The Sarod; one of the most capturing stringed instruments from India and is known for its deep, weighty, introspective sounds. The origins of the sarod go back almost 15 centuries back to the Persian rabab. Sarod, meaning “beautiful melody” in Persian, came to its current form about 250 years ago.
The rababs’ fingerboard has frets and is made out of wood and used to be covered with cat-guts as strings. To create the typical (Indian classical) sound and to emulate the movements of the voice, they evolved the form of the original instrument.
Usually the sarod is made of tun– or teakwood with a steel plate as fingerboard without frets. The base got rounder and covered by goatskin which functions as a resonator. The 23 strings, often steel and brass, consist of 15 resonating or sympathetic (taraf), 3 rhythmical or drone and 5 melody strings.
Where the left hand, played on the tip of the fingernails, covers the melodious side of the instrument. The right hand, traditionally played with a coconut shell pick or plectrum (Jawwa), focuses on the rhythmical variations.
This evolution of the rabab into the sarod, made it possible for the artists to create another dimension of musicality. On the one hand, the musician could now play slow, gliding and resonating notes, which remind of the ancient Veena (India’s ancient musical instrument), on the other hand the typical strong rhythmical rabab techniques.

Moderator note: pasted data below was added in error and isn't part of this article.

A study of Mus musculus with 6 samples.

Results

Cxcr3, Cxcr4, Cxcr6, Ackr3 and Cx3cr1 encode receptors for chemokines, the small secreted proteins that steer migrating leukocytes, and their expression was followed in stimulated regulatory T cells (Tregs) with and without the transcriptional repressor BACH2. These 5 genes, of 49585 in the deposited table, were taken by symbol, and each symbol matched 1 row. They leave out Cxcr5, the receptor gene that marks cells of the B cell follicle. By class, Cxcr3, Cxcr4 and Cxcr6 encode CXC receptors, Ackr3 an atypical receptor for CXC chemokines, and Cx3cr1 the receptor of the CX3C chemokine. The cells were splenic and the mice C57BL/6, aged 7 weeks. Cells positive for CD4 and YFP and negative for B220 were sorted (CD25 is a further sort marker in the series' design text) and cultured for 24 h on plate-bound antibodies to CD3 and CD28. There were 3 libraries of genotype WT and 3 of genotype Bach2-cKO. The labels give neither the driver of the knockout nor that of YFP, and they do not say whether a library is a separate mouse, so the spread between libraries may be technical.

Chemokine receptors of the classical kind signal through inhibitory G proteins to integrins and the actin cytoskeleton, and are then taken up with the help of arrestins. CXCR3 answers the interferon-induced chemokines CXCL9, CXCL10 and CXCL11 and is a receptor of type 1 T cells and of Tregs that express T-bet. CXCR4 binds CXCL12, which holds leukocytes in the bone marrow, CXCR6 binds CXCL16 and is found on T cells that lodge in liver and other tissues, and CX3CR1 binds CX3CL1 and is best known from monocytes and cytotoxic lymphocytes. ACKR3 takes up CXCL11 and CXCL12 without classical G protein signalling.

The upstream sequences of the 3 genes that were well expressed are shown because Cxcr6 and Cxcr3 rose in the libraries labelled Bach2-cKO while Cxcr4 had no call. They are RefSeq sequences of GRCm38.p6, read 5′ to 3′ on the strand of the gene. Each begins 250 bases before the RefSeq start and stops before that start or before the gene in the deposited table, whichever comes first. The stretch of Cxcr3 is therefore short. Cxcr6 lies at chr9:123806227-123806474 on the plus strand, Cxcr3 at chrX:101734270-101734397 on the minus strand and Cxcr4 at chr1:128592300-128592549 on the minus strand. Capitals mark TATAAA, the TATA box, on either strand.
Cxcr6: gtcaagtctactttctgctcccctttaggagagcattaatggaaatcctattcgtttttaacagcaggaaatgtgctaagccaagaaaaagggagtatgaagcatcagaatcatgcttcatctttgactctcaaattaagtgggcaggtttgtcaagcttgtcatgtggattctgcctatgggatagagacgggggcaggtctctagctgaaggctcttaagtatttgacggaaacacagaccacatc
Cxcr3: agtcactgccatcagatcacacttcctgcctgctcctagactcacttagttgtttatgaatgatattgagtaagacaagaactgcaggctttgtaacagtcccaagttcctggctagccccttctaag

This combination of playing techniques together with the typical metallic echoing sounds, is what attracts a wide range of musicians and lovers of music. There have been various great and legendary artists whose music and names still resonate today.
In the mid-nineteenth century there were three notable sarodiya’s from different families in the famous Shahjahanpur area of India. Enayat Ali (Shahjahanpur, 1883), Niamatullah Khan (Bulandsahar, 1809) and Gulam Ali (Gwalior). All three were descendents of the Afghan soldiers turned musicians who came into India centuries ago.
The second half of the 20th century has been mainly vibrating around the music of maestros like Ustad Ali Akbar Khan (Bangladesh, 1922), Pandit Buddhadev Das Gupta (Bhagalpur, 1933) and Ustad Amjad Ali Khan (Gwalior 1945).
Today in The Netherlands, there are only two notable “sarodiya’s” practising this instrument. Both (Martijn Baaijens & Avi Kishna) trained and guided by their guru Sri Koustuv Ray (Kolkota, 1955-2017). Unfortunately he passed away in the early summer of 2017.
Sri Koustuv Ray, also known as Gungun, got his training and guidance by earlier mentioned Pandit Buddhadev Dasgupta and late Pandit Radhika Mohan Moitra. Radhika Mohan Moitra descents from the linage of sarodiya’s going back to the dawn of this captivating instrument.